Following the actions taken by the Student Assembly and amidst concerns of the lack of information, the Graduate and Professional Student Assembly considered a new resolution to condemn Cornell’s dismissal of Julia Feliz from the Alliance for Science program.
Feliz was dismissed from the program on the grounds that they “utilized the classroom environment to discuss [their] satisfaction with the program,” as stated in the dismissal letter that Feliz received. Feliz, on the other hand, said that the University failed to address their reports of racism in the department.
Feliz’s dismissal has since prompted significant student protest and heated discussion.
The GPSA resolution was introduced to the assembly by Arielle Johnson grad, a voting member and representative of life sciences. The resolution seeks to explicitly condemn the University’s dismissal of Feliz on the grounds that they used classroom space to criticize their program.
Several students at the meeting expressed concern about a lack of information about Feliz’s dismissal, both available to the general public as well as in the resolution itself.
But while Johnson acknowledged that she lacked information about all of the details of Feliz’s case, “we should make a statement that it’s not okay for someone to be dismissed for criticizing their program,” she said.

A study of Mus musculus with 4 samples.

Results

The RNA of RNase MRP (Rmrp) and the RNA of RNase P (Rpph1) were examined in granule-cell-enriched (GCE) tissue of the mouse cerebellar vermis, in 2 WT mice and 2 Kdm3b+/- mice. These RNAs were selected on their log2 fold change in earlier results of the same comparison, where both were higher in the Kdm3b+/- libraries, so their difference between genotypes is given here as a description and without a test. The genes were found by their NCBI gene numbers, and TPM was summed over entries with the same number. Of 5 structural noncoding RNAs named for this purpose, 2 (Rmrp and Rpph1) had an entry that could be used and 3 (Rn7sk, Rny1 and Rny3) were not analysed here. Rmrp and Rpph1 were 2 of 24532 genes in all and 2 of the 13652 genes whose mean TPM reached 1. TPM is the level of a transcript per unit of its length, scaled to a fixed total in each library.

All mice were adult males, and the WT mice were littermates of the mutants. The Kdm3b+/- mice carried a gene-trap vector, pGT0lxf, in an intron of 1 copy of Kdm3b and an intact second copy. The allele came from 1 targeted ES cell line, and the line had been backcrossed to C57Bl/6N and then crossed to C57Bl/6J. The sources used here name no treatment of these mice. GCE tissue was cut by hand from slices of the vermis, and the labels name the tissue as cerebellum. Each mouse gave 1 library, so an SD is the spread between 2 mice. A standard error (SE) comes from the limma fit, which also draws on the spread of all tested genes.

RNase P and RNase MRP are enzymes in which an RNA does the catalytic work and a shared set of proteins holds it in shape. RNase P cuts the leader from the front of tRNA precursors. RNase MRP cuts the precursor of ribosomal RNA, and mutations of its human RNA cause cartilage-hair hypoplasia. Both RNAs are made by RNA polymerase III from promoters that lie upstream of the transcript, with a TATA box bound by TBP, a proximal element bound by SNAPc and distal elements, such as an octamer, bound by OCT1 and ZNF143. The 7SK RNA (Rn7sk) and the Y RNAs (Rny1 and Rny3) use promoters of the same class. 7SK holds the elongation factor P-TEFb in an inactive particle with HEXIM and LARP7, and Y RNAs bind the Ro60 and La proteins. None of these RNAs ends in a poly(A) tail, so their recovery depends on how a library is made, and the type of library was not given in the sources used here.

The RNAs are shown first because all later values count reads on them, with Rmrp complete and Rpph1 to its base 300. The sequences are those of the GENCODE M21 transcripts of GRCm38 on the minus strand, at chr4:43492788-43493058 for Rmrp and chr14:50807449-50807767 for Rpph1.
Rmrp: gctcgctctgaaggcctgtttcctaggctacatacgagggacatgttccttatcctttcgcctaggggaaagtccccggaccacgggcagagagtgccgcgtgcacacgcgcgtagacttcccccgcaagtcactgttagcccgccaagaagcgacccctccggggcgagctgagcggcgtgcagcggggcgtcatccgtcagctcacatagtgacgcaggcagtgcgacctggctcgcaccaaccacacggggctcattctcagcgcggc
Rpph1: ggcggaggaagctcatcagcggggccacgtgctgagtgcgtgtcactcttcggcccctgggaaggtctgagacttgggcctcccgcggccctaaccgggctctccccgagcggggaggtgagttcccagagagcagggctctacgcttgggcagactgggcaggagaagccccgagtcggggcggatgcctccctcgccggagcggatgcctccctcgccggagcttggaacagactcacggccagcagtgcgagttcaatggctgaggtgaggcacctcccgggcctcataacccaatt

Johnson said that advisors and departments often have a lot of power over graduate and professional students, a dynamic that she believed might have been at play in the University’s alleged treatment of Feliz.
In its final clause, the resolution stated that all Cornell students and fellows should “be free to critique their programs without fear of retaliation.”
“It feels like there might be repercussions for bringing up issues like racism or sexism in our department,” Johnson said. “Hearing a fellow was dismissed in the program for bringing up issues in that program — that was really scary.”
As the resolution stands, it solely expressed condemnation and does not ask the University to take any actions, although Johnson and several other students expressed interest in adding requests or suggestions to the document.
To address this issue, one student proposed that the resolution be split into two different parts: One would express GPSA’s call for condemnation on the University’s action, while the other would provide specific concrete requests of the University, such as a more clear definition of the role of a University Fellow as distinct from student, staff member, or faculty member.
Johnson said that she wanted to write a resolution on which all of the GPSA members could agree, saying that she was not looking for a contentious meeting like that of the Student Assembly on Oct. 24, in which a Student Assembly resolution was at odds with a number of fellows who backed Feliz’s removal.
The resolution will be voted on at the next GPSA meeting on Nov. 18. Before then, Johnson is considering revising the motion to ask the University for more details of its investigation of the situation, though stressed that any resolution should have a narrow scope.
“I just think we should just make a statement in solidarity with Julia,” Johnson said.